Yes, it's life transforming - applied it will make life on earth more satisfying and less frustrating. If you are around people who DON"T apply these principles, its rather sad to see how they fight themselves getting things done.
Getting Things Done, however that book is about tactics, this is the strategy. Read this first.
The Big Rocks, Small Rocks, Pebbles, Sand, water illustration
The Big Rocks, Small Rocks, Pebbles, Sand, water illustration which I think of at least once a week.
I can't say enough about this book, and the follow up, FIRST THINGS FIRST. This is the one book other than the Bible that I find myself re-reading over and over and over again. It took my TEN YEARS just to feel that I got the first Three and the Last habit down. Working on the rest. I'd also suggest "Boundaries" and "Be the Person you want to Be" as transformative books to read if you are into self improvement.
It was a good summary of some ways to focus attention and the arrangement was good.
WAY too long. Reiterate the same point over and over again and do so in a way that almost insults the intelligence. Also, the fabled "7 habits" are never clearly articulated as a unit at any point -- only mentioned in the various chapters, almost in passing. Thus, if, for instance, the reader already practiced one or more of these suggestions, there is no "skipping around" to pick up the remainders. Instead, one has to wade though all the junk to get to one or two nuggets.
Narrated by the author. The "preachyness" came right thru. If I wanted a sermon, I'd have gone to church.
The 7 habits are good ideas if you can ever separate the wheat from the chaff. The Cliff Notes would be a LOT better.
One of my first Audible purchases. The title really gets you, imagining it will shed some enlightenment in your life when in actuality the drag on story almost puts you to sleep. Perhaps if the narrator had more interesting voice and tone it wouldn't be so umbearable. I did not get to part two, due to dragging on of the read and the voice behind it!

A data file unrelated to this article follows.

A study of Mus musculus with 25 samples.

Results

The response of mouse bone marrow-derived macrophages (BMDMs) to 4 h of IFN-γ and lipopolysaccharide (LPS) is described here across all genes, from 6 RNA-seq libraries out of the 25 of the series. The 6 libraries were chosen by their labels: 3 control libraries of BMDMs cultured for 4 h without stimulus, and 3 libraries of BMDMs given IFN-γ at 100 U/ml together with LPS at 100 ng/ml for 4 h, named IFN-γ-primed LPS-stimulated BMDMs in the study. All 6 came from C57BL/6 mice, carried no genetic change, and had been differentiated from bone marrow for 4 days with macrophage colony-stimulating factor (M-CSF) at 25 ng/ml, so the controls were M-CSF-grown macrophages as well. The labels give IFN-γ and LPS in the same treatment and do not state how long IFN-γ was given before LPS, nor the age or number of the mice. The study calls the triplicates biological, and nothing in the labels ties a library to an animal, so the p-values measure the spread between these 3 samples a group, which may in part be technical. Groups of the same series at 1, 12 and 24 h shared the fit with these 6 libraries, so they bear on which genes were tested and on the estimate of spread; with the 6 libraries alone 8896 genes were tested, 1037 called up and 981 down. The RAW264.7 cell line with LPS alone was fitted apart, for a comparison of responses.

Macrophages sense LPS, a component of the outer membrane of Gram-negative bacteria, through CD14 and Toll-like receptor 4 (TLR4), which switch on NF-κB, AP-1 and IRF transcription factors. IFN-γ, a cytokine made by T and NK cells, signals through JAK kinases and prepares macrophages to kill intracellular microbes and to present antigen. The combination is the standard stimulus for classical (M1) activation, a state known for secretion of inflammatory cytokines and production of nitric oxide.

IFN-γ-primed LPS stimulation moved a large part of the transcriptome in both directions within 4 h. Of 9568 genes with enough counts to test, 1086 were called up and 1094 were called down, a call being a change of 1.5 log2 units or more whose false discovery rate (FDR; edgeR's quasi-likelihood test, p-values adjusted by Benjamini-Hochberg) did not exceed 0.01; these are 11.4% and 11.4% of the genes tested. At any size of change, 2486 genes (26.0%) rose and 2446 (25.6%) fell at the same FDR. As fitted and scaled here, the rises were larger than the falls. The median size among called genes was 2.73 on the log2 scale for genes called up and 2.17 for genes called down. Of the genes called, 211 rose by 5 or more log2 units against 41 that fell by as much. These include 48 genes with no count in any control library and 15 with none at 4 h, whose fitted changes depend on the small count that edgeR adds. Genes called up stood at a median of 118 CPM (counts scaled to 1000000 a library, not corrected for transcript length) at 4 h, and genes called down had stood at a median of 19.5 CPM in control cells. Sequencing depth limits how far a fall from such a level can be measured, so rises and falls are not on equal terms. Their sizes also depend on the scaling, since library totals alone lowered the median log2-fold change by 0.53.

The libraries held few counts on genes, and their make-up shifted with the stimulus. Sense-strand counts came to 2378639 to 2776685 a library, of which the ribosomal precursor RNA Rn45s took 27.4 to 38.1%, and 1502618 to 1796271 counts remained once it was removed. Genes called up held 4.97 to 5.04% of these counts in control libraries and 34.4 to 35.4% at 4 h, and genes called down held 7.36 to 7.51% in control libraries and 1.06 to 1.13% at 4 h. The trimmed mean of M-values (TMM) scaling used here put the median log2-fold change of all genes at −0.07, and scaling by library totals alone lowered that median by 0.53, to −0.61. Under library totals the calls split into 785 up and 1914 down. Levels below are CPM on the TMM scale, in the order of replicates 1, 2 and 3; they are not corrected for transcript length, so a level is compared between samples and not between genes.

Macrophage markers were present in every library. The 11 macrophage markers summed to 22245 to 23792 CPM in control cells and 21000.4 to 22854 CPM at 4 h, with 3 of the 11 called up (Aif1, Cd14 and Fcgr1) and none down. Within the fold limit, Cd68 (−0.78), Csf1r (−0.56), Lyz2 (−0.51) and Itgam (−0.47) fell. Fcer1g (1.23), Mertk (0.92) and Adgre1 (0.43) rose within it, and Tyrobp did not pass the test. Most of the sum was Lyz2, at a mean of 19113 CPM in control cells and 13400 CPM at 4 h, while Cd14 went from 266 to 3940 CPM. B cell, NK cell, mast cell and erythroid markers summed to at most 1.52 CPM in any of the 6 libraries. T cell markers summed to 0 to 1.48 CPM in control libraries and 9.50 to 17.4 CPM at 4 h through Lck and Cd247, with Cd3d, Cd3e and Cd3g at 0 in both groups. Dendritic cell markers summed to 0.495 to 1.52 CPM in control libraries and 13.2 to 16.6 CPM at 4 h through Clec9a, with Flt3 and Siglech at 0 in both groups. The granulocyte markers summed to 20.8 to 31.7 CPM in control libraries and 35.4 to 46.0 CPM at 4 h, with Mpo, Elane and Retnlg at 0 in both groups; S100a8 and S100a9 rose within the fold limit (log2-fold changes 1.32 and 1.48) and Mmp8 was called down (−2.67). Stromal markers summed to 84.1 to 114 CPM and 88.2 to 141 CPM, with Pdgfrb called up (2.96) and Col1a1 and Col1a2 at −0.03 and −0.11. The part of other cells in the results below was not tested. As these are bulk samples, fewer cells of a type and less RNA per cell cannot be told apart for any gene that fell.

Quite a bit.
I have already forgot the book.
Don't get a slut to be a narrator.
I recommend this book to anyone open enough and brave enough to change
When I realized I was the problem.
Stephen Covey's speech patern just drove me nuts....He said Circle all the time... and it came out SHIRCLE!! I couldn't get past it!! I know I'm petty.... ?:^P
Commuting 2 hours a day to and from work allows me the pleasure of listening to many books where I would otherwise not have time to read
I sure wish Steven Covey would have written a book detailing how the 7 habits are used with the Franklin Covey planner. I have been using the planner system for 14 years now and would love a refresher course. This book is the foundation of personal organization.
yes, it makes you see things from a good perspective
the emphasis on what is important
Yes, if it was in a field that interested me.
I haven't got that far yet, sorry!
He read too fast! Slow down, please!
Not really, as it's more of a life-skills book. But I would vote for George Clooney, anyway, if it needed an actor!
Listening via audiobooks is a good way to 'read' the book while walking the dog or driving to work!
The audio was full of great and necessary steps to develope successful habits, but in audio form I could not track them all so I bought the work book also. The narration is well delivered and I felt conected to it. I would consider this required reading for anyone with success as a goal.
J. Jason Gale
Dr. Covey says he has studied the body of self-help literature (presumably prior to 1989) and the information overload is evident in his work. He denigrates most of the literature for being “personality” based instead of “character” based.
Character development is important. Improvement in character will probably make an improvement in most lives and in society on the whole. However, this treatment falls short of leading this reader towards that end in four areas.
1. Dr. Covey reads the book himself. It would take a miracle for any self-read character-improvement book to avoid sounding preachy and sometimes he doesn't seem to even try. When he holds character improvement to have moral value, he comes off sounding messianic. On one instance, he alters the Golden Rule to make his point.
2. The premise of his philosophy is that the goal of life is to have good eulogies at your funeral. (Insert your favorite “Over my dead body” joke here.) My philosophy of life is markedly different from that.
3. Any book telling people how to live is bound to be vague and overreaching, and "The 7 Habits" is a shining example. Dr. Covey uses far more metaphors to explain his theses than I cared for, and sometimes the correlations were a little obscure.
4. The delivery was monotonous. He didn’t have the sense of drama to reach a climax at his main points. And at the end of his thesis, he neglects the use of cadence, so he announces (seemingly hundreds of times) “New Heading.”